The public sector pay policy sets a framework for pay negotiations, and balances delivery of a fair deal for employees with affordability and investment in high-quality public services. The policy acts as a benchmark against which employers have the flexibility to deliver pay awards that meet local circumstances.
The pay award for teachers includes an element that is targeted at addressing recruitment and retention issues, as well as a wider package of measures to address workload issues and support the empowering schools agenda.
As the minister will be aware, exactly the same circumstances apply to Highlands and Islands Airports Ltd with regard to the pending air traffic controllers strike, which has been suspended for next Wednesday but is still threatened for the future. Will she bring the same flexibility to those pay negotiations? Of course, ministers directly intervened in the teachers’ strike. We could do with some intervention in the ATC strike, too, because lifeline air services depend on those people.
As Tavish Scott does, I recognise that it has, with the disruption, been a difficult time for travellers. I welcome the suspension of the industrial action that had been scheduled for 12 June, and I encourage HIAL’s air traffic controllers to consider carefully HIAL’s latest offer of a new retention allowance.
I also go back to my earlier answer and reiterate that the pay policy is a guide and benchmark. In that sense, delivering a pay package is a matter for negotiation between employers and employees.
We do, indeed, have a pay policy that ensures affordability of and investment in high-quality public services. However, as I have said, the policy acts as a benchmark against which employers have the flexibility to deliver pay awards that meet their local circumstances. We reflect on the impact of all sectoral awards in developing pay policies, and we will do so again in time for next year’s pay policy, in the context of the spending review.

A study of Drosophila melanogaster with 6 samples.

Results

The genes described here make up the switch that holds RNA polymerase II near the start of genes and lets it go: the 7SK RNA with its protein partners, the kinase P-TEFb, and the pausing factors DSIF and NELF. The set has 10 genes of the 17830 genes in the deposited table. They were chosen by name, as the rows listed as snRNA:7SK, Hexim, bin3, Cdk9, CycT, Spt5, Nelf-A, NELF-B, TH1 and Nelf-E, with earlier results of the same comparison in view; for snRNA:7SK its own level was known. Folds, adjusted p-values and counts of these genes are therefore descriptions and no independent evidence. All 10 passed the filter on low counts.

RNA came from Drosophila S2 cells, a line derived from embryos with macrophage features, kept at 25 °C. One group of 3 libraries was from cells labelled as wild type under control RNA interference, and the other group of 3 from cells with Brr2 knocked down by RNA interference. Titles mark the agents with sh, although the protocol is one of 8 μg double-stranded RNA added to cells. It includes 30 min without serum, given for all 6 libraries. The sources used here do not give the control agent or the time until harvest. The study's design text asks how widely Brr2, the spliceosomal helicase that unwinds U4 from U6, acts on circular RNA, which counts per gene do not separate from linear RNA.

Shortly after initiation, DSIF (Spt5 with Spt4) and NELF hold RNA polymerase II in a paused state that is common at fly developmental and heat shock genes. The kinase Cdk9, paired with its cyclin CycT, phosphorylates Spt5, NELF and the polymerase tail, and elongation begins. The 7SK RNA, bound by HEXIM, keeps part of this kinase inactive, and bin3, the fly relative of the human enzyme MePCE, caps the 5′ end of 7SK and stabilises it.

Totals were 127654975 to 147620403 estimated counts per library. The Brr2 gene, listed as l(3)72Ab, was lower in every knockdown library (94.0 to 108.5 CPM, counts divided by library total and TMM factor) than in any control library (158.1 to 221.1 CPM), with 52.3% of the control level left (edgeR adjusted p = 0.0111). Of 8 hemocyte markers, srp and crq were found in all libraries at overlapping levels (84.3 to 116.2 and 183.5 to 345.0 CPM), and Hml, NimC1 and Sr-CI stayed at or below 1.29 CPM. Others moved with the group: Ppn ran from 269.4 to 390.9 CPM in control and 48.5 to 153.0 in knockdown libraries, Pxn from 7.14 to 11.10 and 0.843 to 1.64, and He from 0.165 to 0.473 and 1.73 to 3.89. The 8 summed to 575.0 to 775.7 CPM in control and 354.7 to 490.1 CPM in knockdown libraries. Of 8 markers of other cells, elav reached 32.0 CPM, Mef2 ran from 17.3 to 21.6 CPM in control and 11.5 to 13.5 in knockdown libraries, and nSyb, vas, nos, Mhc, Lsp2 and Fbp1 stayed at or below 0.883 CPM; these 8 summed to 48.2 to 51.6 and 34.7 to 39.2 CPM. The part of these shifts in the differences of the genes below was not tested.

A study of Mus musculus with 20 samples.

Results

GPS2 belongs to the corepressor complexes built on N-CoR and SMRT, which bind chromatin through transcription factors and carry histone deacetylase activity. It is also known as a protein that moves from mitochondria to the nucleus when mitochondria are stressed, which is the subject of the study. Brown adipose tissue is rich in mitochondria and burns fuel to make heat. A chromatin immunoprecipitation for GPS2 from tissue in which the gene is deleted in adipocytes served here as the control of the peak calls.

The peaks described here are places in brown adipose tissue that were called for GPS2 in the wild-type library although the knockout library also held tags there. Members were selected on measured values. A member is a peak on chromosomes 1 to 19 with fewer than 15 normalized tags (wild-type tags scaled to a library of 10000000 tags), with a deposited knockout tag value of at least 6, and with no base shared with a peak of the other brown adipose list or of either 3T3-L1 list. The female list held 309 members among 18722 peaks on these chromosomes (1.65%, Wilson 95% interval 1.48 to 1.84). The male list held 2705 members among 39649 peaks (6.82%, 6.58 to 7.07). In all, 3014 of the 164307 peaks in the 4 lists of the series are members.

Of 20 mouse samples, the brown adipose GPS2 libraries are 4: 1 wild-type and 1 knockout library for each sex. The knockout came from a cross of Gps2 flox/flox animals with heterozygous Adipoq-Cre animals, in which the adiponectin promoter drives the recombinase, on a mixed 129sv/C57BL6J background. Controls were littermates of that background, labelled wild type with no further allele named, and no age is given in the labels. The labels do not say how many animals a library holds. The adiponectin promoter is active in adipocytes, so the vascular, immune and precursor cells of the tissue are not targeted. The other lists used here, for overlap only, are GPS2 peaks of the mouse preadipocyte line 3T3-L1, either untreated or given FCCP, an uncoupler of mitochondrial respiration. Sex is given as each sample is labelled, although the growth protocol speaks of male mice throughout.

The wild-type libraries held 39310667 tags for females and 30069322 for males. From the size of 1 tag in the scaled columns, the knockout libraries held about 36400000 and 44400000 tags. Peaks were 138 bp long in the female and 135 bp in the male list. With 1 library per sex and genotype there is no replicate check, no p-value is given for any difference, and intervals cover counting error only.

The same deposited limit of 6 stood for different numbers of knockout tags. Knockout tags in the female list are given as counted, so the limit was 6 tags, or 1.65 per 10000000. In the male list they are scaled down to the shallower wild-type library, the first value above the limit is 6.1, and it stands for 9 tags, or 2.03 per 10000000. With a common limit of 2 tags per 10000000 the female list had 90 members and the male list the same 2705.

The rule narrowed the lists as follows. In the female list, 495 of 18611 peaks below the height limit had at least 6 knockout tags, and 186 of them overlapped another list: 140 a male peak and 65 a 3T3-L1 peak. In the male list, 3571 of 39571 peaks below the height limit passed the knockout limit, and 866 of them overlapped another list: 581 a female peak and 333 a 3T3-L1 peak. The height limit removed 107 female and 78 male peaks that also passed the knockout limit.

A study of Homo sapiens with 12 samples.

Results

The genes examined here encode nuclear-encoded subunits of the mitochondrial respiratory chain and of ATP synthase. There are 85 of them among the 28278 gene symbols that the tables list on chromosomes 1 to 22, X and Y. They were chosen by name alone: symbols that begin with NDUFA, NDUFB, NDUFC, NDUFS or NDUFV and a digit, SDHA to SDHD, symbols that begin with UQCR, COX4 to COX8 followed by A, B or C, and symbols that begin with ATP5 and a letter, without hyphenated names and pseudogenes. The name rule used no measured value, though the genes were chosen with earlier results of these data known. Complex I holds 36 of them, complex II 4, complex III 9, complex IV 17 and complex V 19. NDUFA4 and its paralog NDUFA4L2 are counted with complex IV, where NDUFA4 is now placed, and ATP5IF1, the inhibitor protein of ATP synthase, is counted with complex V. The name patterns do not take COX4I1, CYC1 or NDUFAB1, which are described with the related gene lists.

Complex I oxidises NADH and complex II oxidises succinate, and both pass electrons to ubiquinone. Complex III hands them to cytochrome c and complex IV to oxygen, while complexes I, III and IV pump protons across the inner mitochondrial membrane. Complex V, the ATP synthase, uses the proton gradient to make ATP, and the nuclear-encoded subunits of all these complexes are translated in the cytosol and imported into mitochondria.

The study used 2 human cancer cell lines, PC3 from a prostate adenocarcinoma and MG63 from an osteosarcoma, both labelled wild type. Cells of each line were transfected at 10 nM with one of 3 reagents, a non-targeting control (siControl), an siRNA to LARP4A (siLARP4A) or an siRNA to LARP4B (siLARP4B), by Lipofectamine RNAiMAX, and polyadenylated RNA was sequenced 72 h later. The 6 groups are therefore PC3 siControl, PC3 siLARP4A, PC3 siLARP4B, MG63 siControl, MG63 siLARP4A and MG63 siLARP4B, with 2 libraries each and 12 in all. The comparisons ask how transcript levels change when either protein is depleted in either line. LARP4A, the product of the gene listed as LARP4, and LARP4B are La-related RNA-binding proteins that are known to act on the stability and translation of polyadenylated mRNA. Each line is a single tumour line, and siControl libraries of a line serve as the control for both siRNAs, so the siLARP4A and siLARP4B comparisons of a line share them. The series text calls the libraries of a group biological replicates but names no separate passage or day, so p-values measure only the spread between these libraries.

I commend the Educational Institute of Scotland for securing a deal for its members, but I note that when the Scottish Government gave some prison officers a pay upgrade while leaving others floundering, it was taken to court by the Public and Commercial Services Union and caved in. In the same vein, the Government is treating some council workers one way and others another way. What has happened to the pay policy, and what is happening to fairness?
Again, I reiterate that the pay policy does not apply directly to all workforces. Instead, it acts as a benchmark for pay awards in other sectors, and sets the tone for the wider public sector to increase labour participation and productivity, which will ensure that work pays for the individual and the Scottish economy. Key sectors including local government, the health service, the police and the fire service have all delivered arrangements that are broadly in line with our public sector pay policy.